Anyone in New Jersey who experiences marital problems might consider ending the marriage. However, divorce is final, and it might be wise to avoid rushing into such a drastic step. Sometimes, a marriage can be saved by dealing with underlying issues that could repair relationships. However, if both parties agree that divorce is the only option, they might as well work together to make the best of a process that is known to be traumatic.
Since the U.S. Supreme Court struck down the Defense of Marriage Act in 2015, same-sex marriages are constitutionally protected nationwide, including New Jersey. Just like many heterosexual marriages, many married partners of the same sex will end up seeking a divorce. However, same-sex divorce laws are still evolving, and many gray areas leave divorcing couples seeking answers.
For many years, people in New Jersey and elsewhere kept private diaries in which they recorded their daily activities, their dreams and even to vent their anger and frustrations. Reading another person's diary was just not acceptable. Social media has replaced journals, and in contrast, the new goal is to share every thought and activity with the world. Once it is posted, it cannot be undone regardless of whether it was on Facebook or any other platform. However, those in the throes of divorce might be wise to restrain themselves and steer clear of social media for a while.
Stress and divorce are linked in a variety of ways.
With back-to-school season in New Jersey preparations in full swing now that the latter half of August has arrived, your children may be bemoaning the loss of sleeping in and lazy days while you may be nervous about other things. If you and your spouse have separated or divorced since the prior school year ended, this year's back-to-school experience is likely to be quite different from past ones. Fortunately, there are some things you can do to prepare yourself and your children's other parent as well.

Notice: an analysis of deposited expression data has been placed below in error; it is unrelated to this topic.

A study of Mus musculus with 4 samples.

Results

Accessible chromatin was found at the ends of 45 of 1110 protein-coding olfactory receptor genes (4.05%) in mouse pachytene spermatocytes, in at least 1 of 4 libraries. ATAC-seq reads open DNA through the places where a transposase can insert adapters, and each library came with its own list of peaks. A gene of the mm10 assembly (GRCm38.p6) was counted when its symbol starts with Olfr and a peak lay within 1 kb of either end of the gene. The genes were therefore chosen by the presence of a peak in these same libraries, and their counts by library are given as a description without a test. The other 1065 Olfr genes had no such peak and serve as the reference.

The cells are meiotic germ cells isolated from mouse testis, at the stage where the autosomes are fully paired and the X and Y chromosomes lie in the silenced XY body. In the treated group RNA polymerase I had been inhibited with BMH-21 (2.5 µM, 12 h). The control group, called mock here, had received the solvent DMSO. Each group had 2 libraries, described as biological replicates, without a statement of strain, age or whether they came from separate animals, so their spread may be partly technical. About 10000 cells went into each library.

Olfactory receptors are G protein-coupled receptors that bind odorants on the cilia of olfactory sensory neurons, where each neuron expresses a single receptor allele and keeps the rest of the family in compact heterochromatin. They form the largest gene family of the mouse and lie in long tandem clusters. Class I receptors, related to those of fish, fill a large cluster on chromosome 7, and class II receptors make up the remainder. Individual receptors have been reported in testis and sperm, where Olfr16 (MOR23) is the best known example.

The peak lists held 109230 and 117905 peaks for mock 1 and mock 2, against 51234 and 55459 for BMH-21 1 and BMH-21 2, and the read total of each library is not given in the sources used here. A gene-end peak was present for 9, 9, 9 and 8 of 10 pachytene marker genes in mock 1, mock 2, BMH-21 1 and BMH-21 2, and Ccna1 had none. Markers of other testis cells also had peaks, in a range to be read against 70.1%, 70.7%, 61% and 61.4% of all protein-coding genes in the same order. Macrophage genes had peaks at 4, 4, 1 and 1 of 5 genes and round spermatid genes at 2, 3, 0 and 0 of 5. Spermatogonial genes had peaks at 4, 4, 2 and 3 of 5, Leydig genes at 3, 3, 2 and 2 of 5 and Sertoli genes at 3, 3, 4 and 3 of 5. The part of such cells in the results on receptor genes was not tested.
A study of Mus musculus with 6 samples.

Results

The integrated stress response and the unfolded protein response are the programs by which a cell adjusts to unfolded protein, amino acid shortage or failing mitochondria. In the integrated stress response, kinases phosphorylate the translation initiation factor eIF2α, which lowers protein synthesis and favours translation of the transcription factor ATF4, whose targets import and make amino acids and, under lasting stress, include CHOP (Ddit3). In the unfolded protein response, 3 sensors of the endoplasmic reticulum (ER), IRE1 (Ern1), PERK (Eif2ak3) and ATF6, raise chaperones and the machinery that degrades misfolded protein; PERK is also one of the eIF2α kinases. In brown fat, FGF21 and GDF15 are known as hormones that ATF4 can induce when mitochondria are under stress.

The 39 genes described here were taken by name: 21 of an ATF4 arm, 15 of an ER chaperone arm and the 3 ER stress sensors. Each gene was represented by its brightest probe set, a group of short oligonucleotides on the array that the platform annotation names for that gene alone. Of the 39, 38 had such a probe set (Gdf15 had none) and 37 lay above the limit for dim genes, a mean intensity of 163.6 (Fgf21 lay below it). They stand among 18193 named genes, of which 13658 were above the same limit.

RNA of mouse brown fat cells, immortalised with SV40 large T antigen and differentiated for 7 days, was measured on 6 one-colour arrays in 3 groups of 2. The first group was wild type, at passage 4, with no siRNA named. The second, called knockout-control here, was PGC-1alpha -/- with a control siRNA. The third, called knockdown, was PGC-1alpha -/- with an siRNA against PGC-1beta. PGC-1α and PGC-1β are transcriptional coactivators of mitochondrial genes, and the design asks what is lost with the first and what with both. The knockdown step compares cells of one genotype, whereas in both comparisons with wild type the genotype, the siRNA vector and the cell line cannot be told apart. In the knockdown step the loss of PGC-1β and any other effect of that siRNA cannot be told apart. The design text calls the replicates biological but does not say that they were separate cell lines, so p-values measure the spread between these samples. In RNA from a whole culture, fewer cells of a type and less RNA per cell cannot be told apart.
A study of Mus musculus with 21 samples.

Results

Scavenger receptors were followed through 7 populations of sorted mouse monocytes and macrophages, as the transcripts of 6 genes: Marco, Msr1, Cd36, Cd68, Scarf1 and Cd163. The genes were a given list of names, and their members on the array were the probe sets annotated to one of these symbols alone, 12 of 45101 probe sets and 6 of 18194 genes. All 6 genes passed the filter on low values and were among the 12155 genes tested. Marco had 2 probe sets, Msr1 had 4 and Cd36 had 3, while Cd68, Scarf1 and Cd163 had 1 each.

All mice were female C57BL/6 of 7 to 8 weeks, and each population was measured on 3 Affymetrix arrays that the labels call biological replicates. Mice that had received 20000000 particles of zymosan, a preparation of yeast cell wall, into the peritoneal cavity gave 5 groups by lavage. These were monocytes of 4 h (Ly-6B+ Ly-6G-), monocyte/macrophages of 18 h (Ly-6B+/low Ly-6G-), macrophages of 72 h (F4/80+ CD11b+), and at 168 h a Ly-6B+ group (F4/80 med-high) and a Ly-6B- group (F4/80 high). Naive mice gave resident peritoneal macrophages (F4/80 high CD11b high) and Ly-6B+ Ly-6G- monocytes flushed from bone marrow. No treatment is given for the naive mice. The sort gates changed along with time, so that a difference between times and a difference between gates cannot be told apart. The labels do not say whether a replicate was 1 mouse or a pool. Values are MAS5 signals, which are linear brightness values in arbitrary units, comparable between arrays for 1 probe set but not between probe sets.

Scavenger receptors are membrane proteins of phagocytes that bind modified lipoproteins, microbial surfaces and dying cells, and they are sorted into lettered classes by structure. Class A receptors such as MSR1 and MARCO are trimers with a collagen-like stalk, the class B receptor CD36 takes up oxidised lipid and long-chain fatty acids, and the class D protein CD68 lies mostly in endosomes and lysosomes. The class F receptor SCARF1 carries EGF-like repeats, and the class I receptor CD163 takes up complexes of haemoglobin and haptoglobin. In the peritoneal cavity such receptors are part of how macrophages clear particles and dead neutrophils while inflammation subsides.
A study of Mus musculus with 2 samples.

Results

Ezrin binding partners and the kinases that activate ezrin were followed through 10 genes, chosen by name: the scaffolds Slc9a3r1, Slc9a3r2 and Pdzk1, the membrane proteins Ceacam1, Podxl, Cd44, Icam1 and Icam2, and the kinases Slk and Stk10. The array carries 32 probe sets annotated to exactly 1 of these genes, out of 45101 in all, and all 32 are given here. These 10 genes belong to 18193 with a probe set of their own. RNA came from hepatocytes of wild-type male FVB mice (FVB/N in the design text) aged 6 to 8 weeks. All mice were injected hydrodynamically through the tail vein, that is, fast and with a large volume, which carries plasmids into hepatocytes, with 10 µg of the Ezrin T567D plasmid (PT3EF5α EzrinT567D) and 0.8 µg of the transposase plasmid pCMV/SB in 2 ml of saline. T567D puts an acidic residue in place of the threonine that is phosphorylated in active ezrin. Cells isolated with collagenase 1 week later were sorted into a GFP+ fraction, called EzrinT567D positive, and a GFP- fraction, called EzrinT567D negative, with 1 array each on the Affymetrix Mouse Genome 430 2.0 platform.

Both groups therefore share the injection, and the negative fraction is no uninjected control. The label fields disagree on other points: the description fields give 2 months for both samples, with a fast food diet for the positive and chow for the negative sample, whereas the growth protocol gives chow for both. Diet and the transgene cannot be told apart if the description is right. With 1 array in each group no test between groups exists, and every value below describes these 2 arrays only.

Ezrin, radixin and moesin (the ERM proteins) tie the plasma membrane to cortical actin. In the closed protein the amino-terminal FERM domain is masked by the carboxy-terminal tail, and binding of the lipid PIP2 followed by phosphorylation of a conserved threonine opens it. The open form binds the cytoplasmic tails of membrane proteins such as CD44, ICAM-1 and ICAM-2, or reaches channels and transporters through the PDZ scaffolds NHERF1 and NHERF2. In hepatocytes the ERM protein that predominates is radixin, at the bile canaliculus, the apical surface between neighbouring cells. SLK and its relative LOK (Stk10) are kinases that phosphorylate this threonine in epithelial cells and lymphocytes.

If you are one of the many people in New Jersey who owns a business with your spouse and is considering getting a divorce, you will no doubt be concerned about what to do with your business. Some couples are able to successfully continue running a company together even after their marriage has ended. Other couples find this is not possible for them and may therefore opt to sell the business outright to a third party or to allow one of the spouses to buy the other one out and run it alone.
Divorcing couples in New Jersey sometimes end up in situations where they do not fully trust the other person. One spouse might suspect that the other person is cheating on them or perhaps that they are trying to hide assets in an attempt to influence their final divorce decree in a financially more positive light for them. These are just some of the situations that may be able to be corroborated by a peek at a person's online activity.
Whether you have one, two or ten children the thought of telling them that you and their other parent are going to get divorced may well cause you great angst. This is understandable and many New Jersey parents have walked in your shoes before. While this is admittedly a difficult thing to do, it is not impossible and there are some things you can do to help make it more emotionally balanced for your children.
Whether you and your spouse in New Jersey have been married for many years or are newly married, you may end up making different decisions about raising children than what you originally planned. It is not uncommon for people to assume that both parents will continue to work after they have kids but to later on choose for one parent to stay home with the children. If you are the parent who is going to give up your career, you may want to consider creating a postnuptial agreement.
The ability to find a new love after the dissolution of a previous marriage is something that can be a great joy to New Jersey residents. The prospects of a brighter future with a new partner, however, should not allow you to ignore some practicalities before you make the final decision to get married again. Regardless of how wonderful your new partner is, the fact of the matter remains that second marriages can be far more financially complicated than first marriages especially if there are children involved.